Amazon’s Route 53 DNS implicated in attack
Ether wallets were emptied on Tuesday, as attackers exploited a vulnerability in Amazon’s domain name system (DNS), allowing them to steal $152,000 in what is being called a “decade-old hacking technique”.
The heist took place on MyEtherWallet – a cryptocurrency exchange where users can safely send and receive funds through the maintenance of their own encryption keys.
Security on the open-source interface, however, wasn’t the cause of the burglary. It was, instead, a combination of users ignoring safety warnings and the deployment of a DNS hijacking technique that has little defense against it.
Acknowledging the incident in a Reddit post on Tuesday, MyEtherWallet said: “This is not due to a lack of security on the @myetherwallet platform.
“It is due to hackers finding vulnerabilities in public facing DNS servers.”
It added: “It is our understanding that a couple of DNS registration servers were hijacked at 12PM UTC to redirect myetherwallet[dot]com users to a phishing site.”
DNS is a key part of the internet’s infrastructure that directs users to a website’s IP address.
Attackers can intercept these requests and reroute users to malicious websites that appear legitimate by posing as the DNS – a technique known as BGP hijacking.
The “decade-old hacking technique,” MyEtherWallet said, meant that some individuals ignored warnings of the site’s fake SSL certificate – a security verifier and a surefire way to mitigate BGP hacking.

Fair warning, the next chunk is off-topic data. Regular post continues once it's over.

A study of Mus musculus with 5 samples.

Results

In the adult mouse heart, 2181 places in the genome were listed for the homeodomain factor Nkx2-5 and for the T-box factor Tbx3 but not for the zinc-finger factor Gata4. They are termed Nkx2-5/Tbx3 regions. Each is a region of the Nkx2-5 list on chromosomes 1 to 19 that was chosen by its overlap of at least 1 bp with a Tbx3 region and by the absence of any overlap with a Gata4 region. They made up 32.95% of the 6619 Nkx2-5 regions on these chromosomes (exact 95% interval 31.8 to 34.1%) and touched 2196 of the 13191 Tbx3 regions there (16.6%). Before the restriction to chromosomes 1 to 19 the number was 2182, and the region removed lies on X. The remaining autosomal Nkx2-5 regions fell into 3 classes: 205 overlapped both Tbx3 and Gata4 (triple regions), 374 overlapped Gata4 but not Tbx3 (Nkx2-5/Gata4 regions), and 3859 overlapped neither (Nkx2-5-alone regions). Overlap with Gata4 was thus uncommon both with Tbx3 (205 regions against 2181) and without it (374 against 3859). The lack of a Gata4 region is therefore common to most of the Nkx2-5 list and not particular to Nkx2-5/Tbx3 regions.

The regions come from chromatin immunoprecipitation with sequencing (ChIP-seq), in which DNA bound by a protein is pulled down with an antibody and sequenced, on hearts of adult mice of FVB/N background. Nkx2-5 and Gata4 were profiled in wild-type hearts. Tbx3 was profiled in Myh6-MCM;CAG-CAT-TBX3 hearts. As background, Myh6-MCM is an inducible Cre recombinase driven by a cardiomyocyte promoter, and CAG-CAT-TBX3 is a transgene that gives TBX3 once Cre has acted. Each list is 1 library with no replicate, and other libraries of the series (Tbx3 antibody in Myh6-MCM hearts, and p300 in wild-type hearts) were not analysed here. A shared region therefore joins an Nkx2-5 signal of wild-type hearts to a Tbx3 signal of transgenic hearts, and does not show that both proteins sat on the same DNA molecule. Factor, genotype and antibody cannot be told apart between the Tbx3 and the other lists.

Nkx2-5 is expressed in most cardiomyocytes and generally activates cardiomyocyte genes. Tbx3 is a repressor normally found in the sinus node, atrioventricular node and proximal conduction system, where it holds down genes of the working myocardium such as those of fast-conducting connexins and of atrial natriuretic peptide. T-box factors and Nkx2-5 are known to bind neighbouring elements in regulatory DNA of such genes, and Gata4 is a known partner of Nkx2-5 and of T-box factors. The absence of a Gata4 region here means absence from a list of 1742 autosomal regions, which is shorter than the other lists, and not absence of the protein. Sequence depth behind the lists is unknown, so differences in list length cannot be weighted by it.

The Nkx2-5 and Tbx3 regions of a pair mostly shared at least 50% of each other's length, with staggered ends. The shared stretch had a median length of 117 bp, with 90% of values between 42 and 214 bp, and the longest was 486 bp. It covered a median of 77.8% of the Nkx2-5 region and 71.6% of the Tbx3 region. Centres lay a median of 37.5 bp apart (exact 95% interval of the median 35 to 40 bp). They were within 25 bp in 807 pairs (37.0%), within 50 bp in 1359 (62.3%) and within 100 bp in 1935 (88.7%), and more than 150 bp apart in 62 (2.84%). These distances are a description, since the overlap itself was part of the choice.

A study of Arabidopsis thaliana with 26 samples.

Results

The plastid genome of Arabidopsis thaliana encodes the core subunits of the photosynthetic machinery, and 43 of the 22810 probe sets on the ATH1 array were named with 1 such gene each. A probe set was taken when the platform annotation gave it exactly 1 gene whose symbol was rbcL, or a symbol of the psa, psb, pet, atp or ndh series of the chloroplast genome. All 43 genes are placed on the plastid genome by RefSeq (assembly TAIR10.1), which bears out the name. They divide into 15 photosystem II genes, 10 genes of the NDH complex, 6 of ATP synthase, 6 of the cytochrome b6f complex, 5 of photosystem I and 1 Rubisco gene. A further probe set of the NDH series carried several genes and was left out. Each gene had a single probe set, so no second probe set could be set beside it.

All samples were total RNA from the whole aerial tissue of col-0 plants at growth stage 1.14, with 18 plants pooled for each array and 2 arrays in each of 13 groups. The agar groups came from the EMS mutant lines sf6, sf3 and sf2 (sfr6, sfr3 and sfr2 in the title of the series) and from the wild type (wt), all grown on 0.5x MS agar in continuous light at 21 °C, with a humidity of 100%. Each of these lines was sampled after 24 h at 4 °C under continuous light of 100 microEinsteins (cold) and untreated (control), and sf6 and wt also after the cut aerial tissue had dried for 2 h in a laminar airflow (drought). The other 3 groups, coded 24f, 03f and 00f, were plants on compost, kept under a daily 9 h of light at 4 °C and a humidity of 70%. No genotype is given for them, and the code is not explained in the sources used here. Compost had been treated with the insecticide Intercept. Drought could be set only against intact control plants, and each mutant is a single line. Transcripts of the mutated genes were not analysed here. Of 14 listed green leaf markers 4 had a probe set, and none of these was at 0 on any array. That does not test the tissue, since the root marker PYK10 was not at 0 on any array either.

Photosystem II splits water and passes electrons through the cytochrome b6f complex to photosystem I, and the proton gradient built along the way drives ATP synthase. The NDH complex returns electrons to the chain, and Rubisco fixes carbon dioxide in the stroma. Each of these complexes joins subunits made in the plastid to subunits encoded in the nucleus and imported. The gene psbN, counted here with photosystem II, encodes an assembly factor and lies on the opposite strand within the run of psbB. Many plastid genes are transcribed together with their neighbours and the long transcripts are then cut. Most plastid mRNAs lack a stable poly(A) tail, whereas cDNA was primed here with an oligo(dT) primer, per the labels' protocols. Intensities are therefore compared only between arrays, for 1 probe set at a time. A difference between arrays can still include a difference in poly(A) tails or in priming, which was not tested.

It is not known what DNS vulnerability was exploited, but MyEtherWallet said that most of those affected were using Google’s 220.127.116.11 public DNS.
Amazon’s cloud-based Route 53 DNS – one of the largest for internet traffic – was also outlined by security researcher Kevin Beaumont to have played an integral role in the attack, meaning that assailants were able to redirect the traffic of that found on Route 53 users.
Only MyEtherWallet appears to have been targeted, Beaumont noted.
Amazon responded with a statement that said: "Neither AWS nor Amazon Route 53 were hacked or compromised.
“An upstream Internet Service Provider was compromised by a malicious actor who then used that provider to announce a subset of Route 53 IP addresses to other networks with whom this ISP was peered.
“These peered networks, unaware of this issue, accepted these announcements and incorrectly directed a small percentage of traffic for a single customer’s domain to the malicious copy of that domain."
MyEtherWallet recommended a switch to Cloudflare DNS servers as it investigated the incident further.
Earlier this month, The Daily Swig reported on the release of Cloudflare’s new DNS tool – a preliminary research project into how the DNS operates that is running in partnership with the Asia Pacific Network Information Centre (APNIC).